Chuck Schumer is seeking to preserve a minimum-wage increase in the stimulus bill.

Senator Chuck Schumer of New York, the majority leader, said on Tuesday that he was fighting to include a federal minimum-wage increase in a sweeping bill Democrats are drafting to carry President Biden’s $1.9 trillion stimulus package, but declined to say whether Democrats would seek to upend Senate rules to make sure that it survived.

Mr. Schumer said he was working with the Senate official charged with interpreting the chamber’s rules to make sure the plan to increase the minimum wage to $15 per hour by 2025 could pass muster according to strict standards for what can be included in a budget-reconciliation measure. Democrats are determined to advance the stimulus package as part of a reconciliation bill, which requires only a simple majority to pass and thus could be enacted, if necessary, without Republican support.

But it is unclear whether the wage increase qualifies under the restrictive rules, and Mr. Biden has said he does not expect it to survive. Mr. Schumer would not say whether Democrats would take the extraordinary step of trying to overrule the Senate’s parliamentarian, if necessary, to insist on its inclusion.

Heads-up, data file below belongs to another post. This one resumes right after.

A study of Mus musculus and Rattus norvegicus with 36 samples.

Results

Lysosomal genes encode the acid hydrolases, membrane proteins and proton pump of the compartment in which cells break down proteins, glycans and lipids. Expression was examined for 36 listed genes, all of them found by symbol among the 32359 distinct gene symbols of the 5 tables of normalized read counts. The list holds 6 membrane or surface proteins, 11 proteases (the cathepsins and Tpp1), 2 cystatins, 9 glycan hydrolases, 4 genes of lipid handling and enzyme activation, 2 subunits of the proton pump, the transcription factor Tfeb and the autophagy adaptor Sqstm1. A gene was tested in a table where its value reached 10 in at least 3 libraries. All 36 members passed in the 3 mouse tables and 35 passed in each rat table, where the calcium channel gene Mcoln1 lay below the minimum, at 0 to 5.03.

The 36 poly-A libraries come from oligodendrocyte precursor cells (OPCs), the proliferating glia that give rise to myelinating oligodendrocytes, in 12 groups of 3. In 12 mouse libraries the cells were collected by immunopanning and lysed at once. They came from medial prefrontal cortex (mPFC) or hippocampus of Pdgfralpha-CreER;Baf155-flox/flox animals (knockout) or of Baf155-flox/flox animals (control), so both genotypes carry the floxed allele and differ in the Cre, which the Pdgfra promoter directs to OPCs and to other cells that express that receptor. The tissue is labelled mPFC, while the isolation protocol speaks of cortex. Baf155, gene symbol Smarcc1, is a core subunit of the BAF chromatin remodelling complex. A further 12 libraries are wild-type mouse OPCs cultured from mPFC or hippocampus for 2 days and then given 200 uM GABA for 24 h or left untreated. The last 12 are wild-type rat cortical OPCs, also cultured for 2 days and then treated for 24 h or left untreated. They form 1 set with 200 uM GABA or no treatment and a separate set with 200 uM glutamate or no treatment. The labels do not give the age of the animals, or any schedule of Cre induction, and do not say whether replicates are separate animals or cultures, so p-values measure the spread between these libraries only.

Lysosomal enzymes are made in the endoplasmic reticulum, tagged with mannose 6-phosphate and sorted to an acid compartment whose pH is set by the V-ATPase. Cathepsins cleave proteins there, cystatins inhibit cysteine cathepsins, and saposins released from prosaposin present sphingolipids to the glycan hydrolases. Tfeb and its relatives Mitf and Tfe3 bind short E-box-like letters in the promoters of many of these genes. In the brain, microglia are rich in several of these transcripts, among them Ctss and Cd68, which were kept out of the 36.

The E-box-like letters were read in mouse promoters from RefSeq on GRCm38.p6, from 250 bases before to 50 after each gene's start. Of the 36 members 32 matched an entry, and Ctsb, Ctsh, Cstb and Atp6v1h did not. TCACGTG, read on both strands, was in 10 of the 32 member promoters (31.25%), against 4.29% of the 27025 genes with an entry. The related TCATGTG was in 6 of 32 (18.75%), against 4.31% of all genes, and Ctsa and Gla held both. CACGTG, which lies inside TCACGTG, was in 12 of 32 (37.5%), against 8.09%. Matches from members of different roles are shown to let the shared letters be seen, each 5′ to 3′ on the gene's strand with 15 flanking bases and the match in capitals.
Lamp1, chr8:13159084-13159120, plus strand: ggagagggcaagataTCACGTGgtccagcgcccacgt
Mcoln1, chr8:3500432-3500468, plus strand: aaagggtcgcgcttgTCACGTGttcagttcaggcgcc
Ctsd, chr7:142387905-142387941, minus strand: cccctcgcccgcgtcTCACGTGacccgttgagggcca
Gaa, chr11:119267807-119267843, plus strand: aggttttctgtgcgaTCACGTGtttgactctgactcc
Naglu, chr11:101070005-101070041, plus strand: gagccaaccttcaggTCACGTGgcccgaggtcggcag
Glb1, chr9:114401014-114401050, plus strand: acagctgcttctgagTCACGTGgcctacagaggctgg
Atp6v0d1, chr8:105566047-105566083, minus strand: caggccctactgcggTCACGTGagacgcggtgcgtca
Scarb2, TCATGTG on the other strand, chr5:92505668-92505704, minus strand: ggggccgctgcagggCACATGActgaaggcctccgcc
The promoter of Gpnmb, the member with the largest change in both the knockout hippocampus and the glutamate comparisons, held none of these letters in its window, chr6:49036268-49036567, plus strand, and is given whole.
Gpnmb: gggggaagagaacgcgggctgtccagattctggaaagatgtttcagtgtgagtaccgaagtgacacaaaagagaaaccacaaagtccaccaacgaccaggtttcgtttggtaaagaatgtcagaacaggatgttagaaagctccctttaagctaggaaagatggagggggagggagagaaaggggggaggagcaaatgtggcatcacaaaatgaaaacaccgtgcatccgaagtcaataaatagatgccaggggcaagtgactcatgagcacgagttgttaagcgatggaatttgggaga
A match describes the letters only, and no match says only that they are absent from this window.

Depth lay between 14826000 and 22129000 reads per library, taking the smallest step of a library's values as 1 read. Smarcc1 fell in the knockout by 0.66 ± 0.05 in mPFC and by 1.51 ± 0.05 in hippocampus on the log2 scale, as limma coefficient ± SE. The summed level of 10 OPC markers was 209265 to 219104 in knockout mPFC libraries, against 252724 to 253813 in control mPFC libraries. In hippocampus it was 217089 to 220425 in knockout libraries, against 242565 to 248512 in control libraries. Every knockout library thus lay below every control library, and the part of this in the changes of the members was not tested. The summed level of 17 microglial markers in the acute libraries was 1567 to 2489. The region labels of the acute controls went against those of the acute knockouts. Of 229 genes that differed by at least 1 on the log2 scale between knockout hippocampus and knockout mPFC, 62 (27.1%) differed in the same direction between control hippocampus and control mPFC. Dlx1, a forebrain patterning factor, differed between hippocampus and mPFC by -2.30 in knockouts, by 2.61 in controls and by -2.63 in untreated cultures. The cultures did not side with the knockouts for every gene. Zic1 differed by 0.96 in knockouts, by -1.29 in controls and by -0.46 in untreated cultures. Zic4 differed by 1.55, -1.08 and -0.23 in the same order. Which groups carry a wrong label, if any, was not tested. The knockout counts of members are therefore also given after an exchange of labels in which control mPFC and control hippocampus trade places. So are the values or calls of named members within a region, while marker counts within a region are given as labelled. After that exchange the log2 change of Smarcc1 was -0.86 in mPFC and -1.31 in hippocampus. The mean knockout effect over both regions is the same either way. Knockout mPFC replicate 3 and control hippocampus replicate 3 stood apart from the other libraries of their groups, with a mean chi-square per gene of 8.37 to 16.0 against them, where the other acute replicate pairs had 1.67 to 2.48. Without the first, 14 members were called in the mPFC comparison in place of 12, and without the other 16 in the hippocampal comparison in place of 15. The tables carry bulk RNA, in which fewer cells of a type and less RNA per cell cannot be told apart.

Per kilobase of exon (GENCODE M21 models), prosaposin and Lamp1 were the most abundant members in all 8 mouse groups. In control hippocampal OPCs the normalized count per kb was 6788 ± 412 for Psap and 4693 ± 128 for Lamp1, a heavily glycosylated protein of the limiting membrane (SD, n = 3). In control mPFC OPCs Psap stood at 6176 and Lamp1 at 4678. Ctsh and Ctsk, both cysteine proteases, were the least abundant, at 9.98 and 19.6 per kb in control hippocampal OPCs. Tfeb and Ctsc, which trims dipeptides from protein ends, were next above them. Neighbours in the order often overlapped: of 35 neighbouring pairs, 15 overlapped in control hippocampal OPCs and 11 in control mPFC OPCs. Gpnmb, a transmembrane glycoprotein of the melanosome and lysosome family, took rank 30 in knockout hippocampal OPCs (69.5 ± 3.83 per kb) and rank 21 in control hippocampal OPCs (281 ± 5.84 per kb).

His remarks came as he appeared with the newly installed Democratic chairmen of the committees charged with considering the stimulus package, and just as the Senate was to begin the second impeachment trial of former President Donald J. Trump.

“To the pundits who said we can’t do both at once, we say you are wrong,” Mr. Schumer said. “We can and we are.”

House committees were to begin meeting on Tuesday afternoon to solidify the details of Mr. Biden’s pandemic aid plan, while senators were set to spend hours in the chamber listening to arguments in Mr. Trump’s trial.

Even as he sought to focus attention on the stimulus package, Mr. Schumer said the trial was a necessary step to bring closure and consequences after the Jan. 6 attack on the Capitol, which Mr. Trump stands accused of inciting.

“When you have such a serious charge, sweeping it under the rug will not bring unity,” he said. “It will keep the sore open, the wounds open. You need truth and accountability.”